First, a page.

Decision making is exhausting. One of the biggest challenges new parents face is that there are so. many. choices. In pregnancy. In childbirth. In parenting. It seems like there’s always something to decide. And in this age of constant and abundant internet contact, there’s always someone to tell you that your choice is wrong.
Decision fatigue is real.
Decision Fatigue is the psychological phenomena discovered by Roy F. Baumeister that explains the decline in quality of decisions made by a person when there are too many options and too many decisions to be made. Do you ever go to the grocery store and choose really great whole food meal after great whole food meal only to grab a pack of donuts on your way out? It’s not a lack of will-power (which I imagine you will tell yourself is the case). Your brain is actually not capable of making more than a certain number of decisions a day and every little thing contributes to this quota. The problem is there is rarely a time in your life where you will be required to make so many decisions in a short period of time as when you become a parent.
No one is ever a better parent than before they have children.
“I won’t need an epidural!” “My baby will never have formula!” “My kid will never act like THAT in a store!” Ah, the best-laid plans. While some (very small number of unicorn) people will achieve ALL of their goals, the reality is life happens. And life is messy. If these goals are particularly important to you, some amount (or a huge amount) of guilt may accompany “failing” to meet them. The reality is, though, that you didn’t fail. You adjusted to YOUR child and YOUR reality, which is what parenting is really about.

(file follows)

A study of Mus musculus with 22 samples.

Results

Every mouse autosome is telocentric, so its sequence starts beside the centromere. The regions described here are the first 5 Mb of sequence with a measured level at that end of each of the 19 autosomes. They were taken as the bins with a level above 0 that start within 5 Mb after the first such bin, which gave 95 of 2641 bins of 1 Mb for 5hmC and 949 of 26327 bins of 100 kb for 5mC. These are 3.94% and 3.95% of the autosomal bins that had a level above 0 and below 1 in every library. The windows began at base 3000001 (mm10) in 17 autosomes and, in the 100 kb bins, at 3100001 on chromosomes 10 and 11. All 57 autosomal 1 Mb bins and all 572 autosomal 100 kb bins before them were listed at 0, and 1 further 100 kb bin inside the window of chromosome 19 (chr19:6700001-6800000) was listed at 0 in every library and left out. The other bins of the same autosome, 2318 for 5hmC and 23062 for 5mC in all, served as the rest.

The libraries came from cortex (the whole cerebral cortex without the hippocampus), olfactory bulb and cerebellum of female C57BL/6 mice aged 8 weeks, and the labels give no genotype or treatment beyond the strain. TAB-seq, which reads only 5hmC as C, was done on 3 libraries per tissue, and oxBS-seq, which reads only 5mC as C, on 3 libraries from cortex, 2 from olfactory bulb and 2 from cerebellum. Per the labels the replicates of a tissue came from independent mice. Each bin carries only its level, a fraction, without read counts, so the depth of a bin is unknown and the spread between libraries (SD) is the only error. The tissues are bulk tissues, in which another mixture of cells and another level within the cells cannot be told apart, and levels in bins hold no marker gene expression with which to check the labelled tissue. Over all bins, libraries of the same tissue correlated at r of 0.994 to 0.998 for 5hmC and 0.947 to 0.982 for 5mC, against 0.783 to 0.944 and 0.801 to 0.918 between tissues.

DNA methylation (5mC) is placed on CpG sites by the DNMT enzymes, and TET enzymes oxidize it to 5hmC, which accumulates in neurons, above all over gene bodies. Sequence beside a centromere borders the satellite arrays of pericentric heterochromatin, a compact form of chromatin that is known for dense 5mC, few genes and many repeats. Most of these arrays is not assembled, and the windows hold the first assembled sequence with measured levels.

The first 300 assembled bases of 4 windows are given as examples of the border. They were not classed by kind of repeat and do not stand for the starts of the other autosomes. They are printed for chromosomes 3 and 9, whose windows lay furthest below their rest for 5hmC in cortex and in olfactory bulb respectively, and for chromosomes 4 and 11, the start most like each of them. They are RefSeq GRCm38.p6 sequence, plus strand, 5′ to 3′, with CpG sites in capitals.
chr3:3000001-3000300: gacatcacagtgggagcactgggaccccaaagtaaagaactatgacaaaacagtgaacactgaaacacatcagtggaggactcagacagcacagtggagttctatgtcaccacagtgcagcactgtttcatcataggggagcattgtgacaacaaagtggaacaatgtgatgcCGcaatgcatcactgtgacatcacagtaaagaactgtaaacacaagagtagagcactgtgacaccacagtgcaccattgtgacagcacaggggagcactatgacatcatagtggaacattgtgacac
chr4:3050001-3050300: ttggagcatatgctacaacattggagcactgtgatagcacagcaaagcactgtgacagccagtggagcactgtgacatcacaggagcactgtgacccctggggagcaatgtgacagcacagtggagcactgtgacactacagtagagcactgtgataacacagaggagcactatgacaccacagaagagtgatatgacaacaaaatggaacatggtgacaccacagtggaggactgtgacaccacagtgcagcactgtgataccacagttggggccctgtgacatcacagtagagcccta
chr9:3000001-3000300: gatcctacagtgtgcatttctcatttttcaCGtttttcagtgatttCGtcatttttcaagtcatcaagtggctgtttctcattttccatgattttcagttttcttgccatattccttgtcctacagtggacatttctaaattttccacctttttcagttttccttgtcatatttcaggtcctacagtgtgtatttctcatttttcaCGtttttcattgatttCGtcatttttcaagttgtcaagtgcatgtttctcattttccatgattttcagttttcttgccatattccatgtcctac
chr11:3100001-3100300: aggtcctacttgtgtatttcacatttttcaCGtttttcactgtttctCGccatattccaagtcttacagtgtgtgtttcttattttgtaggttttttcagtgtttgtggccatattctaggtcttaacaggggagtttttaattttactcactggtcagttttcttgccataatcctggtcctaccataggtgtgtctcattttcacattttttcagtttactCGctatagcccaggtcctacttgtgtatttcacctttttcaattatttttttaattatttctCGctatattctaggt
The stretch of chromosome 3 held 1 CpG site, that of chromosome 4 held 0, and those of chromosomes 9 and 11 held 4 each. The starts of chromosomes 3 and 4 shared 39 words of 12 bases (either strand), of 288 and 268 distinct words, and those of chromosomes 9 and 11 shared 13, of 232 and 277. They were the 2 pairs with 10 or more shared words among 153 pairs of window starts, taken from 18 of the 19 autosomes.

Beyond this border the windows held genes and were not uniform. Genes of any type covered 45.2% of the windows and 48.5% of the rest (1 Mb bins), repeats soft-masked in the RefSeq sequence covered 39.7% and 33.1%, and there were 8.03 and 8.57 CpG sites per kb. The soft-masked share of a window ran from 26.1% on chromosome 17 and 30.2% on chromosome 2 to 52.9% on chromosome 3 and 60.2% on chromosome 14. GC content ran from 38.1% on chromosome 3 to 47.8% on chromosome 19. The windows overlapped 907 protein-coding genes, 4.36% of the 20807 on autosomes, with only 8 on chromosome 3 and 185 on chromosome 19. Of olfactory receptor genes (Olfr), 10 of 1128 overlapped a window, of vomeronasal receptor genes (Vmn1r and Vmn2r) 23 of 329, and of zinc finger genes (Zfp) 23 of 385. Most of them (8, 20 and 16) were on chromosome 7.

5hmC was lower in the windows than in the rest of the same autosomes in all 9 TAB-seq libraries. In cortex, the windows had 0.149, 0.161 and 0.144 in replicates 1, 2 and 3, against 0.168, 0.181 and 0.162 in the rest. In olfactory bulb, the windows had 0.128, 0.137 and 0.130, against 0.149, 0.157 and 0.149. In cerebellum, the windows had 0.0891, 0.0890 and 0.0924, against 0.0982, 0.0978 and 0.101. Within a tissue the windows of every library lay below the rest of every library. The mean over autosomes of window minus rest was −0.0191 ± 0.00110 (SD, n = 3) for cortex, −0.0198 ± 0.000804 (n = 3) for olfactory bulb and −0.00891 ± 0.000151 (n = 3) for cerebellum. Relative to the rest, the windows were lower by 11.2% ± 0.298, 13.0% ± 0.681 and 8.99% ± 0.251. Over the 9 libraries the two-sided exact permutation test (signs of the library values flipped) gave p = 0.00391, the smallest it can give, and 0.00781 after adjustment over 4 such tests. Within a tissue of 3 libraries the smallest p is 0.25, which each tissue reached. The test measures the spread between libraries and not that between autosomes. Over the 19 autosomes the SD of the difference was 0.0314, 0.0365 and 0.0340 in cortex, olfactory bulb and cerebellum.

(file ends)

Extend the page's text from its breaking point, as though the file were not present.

What if we accepted that we don’t have to make every decision ahead of time?
There’s nothing wrong with goals, hopes, and plans. However, the more flexibility you allow yourself, the better your adjustment will be if things deviate from “the plan”. Not sure how you will feel in labor? It’s okay to say “I will let in-labor-me make decisions about pain management”. It’s okay to say “I will choose the sleeping arrangements that work best for MY baby and MY family when the time comes”. You don’t have to make every decision ahead of time, and you’re certainly entitled to change your mind. Most of all, you certainly don’t have to justify the choices you do make to anyone (I’m looking at you sanctimonious Facebook mom group posters).
If you need someone who will support the decisions you make for your body, your family, and your baby, a doula will do that! Unconditional, unbiased support. Every time.